Recently we reported on the very important Supreme Court 2011 legal judgement on Autoclenz Ltd v Belcher and Others and how this may affect freelancers and contractors who have IR35 concerns. As this case is so important for all employees, workers and freelancers in deciding their employment status, we thought we’d explain this in more detail.
The case highlights the importance the Courts now give to finding clarity in employment relationships, not by looking at what is written down in a contract, but what is actually happening in the working relationship.
The case first came to Employment Tribunal in 2007. Autoclenz Ltd offer car valeting services to motor retailers and auctioneers and employed 20 valeters on what the company considered to be sub-contractor (freelance) contracts. The valeters, however thought they were workers and were so entitled to (at least) the National Minimum Wage and holiday entitlements under the Working Time Regulations (which they did not receive).
The case was complicated by the fact that two written contracts existed, the first signed by the valeters which described them as sub-contractors but did not contain any clause permitting the individual to provide a substitute to perform their services, nor did it have an obligation for them to perform work that was provided or that Autoclenz was or was not obliged to provide work (we’ll explain why this is important later).
The second contract issued in 2007 was different and said:
- “Autoclenz wished to engage the services of the valets from time to time on a sub-contractor basis.
- As an independent contractor you are entitled to engage one or more individuals to carry out valeting on your behalf.
It was not felt by the Courts, however, that all the valeters had actually read this new contract or understood it properly (they did not receive a copy and were not involved in the negotiation of its terms). The Supreme Court felt that “the relative bargaining power of the parties must be taken into account in deciding whether the terms of any written agreement in truth represent what was agreed.”
The first Employment Tribunal found that the valeters were employees, regardless of what their contracts said, because they had no real control over:
- The way they did their work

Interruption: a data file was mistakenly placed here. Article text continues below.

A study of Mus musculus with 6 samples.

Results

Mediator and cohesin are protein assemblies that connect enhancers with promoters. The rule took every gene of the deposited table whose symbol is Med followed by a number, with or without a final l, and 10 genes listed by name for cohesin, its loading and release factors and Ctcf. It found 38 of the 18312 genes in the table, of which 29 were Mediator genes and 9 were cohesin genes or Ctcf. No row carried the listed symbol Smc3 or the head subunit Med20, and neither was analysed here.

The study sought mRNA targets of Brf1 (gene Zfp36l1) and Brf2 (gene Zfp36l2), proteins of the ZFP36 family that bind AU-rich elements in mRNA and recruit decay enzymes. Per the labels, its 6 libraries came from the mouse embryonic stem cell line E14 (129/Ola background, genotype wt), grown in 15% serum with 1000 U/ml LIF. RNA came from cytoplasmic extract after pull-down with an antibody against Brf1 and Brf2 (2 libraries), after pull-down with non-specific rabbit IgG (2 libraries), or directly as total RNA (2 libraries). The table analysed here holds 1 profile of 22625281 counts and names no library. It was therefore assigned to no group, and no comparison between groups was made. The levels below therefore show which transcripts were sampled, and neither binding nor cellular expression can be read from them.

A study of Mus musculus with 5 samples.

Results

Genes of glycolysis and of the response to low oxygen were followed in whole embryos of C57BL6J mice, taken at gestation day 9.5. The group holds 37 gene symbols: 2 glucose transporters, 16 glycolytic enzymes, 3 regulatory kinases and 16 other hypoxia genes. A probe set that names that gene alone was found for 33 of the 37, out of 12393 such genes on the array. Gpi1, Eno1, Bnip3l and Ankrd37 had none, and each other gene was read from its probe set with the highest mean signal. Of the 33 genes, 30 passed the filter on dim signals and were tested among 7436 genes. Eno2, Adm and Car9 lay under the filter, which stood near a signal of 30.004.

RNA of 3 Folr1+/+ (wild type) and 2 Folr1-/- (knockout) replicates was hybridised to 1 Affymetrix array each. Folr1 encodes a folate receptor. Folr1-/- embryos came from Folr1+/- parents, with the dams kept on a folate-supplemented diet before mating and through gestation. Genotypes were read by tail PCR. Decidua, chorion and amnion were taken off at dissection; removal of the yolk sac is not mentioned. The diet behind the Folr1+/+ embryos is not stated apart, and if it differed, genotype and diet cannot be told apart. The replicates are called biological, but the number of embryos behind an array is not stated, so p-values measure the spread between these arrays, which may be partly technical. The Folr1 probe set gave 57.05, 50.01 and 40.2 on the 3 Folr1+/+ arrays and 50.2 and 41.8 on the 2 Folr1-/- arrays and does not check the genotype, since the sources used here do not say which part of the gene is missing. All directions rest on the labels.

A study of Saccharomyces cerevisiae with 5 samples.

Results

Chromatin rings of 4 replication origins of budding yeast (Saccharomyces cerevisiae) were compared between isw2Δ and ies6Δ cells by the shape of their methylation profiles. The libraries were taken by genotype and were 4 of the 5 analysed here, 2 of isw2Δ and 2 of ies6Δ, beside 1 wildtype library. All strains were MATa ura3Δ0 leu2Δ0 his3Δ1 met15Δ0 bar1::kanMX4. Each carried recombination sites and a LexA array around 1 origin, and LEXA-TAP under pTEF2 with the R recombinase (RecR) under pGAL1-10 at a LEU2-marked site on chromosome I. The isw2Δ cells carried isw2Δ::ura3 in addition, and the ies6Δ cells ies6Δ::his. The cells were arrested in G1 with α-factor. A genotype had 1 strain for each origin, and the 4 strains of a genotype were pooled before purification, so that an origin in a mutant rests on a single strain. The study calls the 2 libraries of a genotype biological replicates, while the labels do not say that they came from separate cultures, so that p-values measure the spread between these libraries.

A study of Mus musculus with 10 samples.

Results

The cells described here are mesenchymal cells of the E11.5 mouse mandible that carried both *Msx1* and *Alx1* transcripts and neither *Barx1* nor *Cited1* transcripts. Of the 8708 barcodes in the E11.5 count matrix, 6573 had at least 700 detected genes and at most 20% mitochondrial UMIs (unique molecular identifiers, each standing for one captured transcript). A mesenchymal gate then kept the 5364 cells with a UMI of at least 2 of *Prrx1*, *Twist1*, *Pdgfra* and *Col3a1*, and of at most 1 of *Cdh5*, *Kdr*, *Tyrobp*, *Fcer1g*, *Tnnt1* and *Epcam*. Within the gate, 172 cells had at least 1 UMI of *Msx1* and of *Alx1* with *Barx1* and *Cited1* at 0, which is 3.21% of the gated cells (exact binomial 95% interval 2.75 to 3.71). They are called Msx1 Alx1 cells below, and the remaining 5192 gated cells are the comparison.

- The hours that they worked (most worked on a full-time basis and very rarely was no work available for them)
- The way in which the work was organised
- Sourcing materials to use
And also found they were employees because they:
- Were subject to the direction and control of Autoclenz and its employees on site
- Worked in teams and not as individuals
- Had no real say in the terms or contracts with Autoclenz clients for who they had to perform the work
- Had their pay rates determined by Autoclenz who had increased or decreased these rates unilaterally, so they couldn’t make their ‘own’ businesses any more profitable
- Were required to provide a personal service. The ‘substitution’ clause introduced in the 2007 contract did not reflect what actually happened, which was that the valeters turned up for work every day and Autoclenz confirmed, in evidence given, that the work could not be done if the valeters could not be relied up on to turn up for work and that Autoclenz required the valeters to let them know if they were not available for work
- Had mutual obligations with Autoclenz (the provision of work in return for pay)
The Court of Appeal agreed and said ‘the elaborate protestations in the contractual documents that the men were self-employed… bore no practical relation to the reality of the relationship’. The Supreme Court agreed with these judgements and held the valeters were employees.
Deciding someone’s employment ‘status’ is always complicated and can only ever be fully decided by a Court. There are tests that are used which are:
- Mutuality of Obligation – is the employer under an obligation to offer work and is the ‘employee’ under an obligation to accept it?
- Master/Servant relationship – can the employer tell the ‘employee’ how and when to do the work? can they ‘substitute‘ another person to do their work?
- Integration – is the ‘employee’ operating as part of, or leading, a team? Are they part of the employer’s internal organisational matters (including training and meetings)?
- Economic Reality – does it look like the individual is self-employed, e.g. Do they provide their own tools? Do they work for a number of clients? Are they responsible for the profit and loss of their business?
However, none of these on their own will decide someone’s status – one judge said you need to ‘paint a picture’ of all the details and look at it from a distance.
What is important about this case is that the Courts looked at how the working relationship between the ‘employee’ and employer actually operated and not what the written agreement/contracts described.
Therefore, for example, if a Recruitment Agency agrees a contract with a client to supply someone as a Contractor to the client, rather than as an employee where this is not true, the contract will be disregarded by the Courts if it is clear that an actual different relationship is in place.
This judgement is important for:
- Businesses employing sub-contractors and also for freelancers – all of whom should review the details of their contracts on a regular basis, taking into account the natural changes over time to what was agreed at the outset.
- Everyone, as some businesses try to portray their relationship with the people they employ as something different to what it actually is – e.g. in order to avoid giving people who should be workers their proper legal rights and entitlements to holiday pay, the national minimum wage, sick pay and the new rights for Agency Workers.
And in Summer 2014 an employment tribunal considered what ‘control’ means – in the context of the old ‘false’ self-employment legislation – in the case of Oziegbe V HRMC.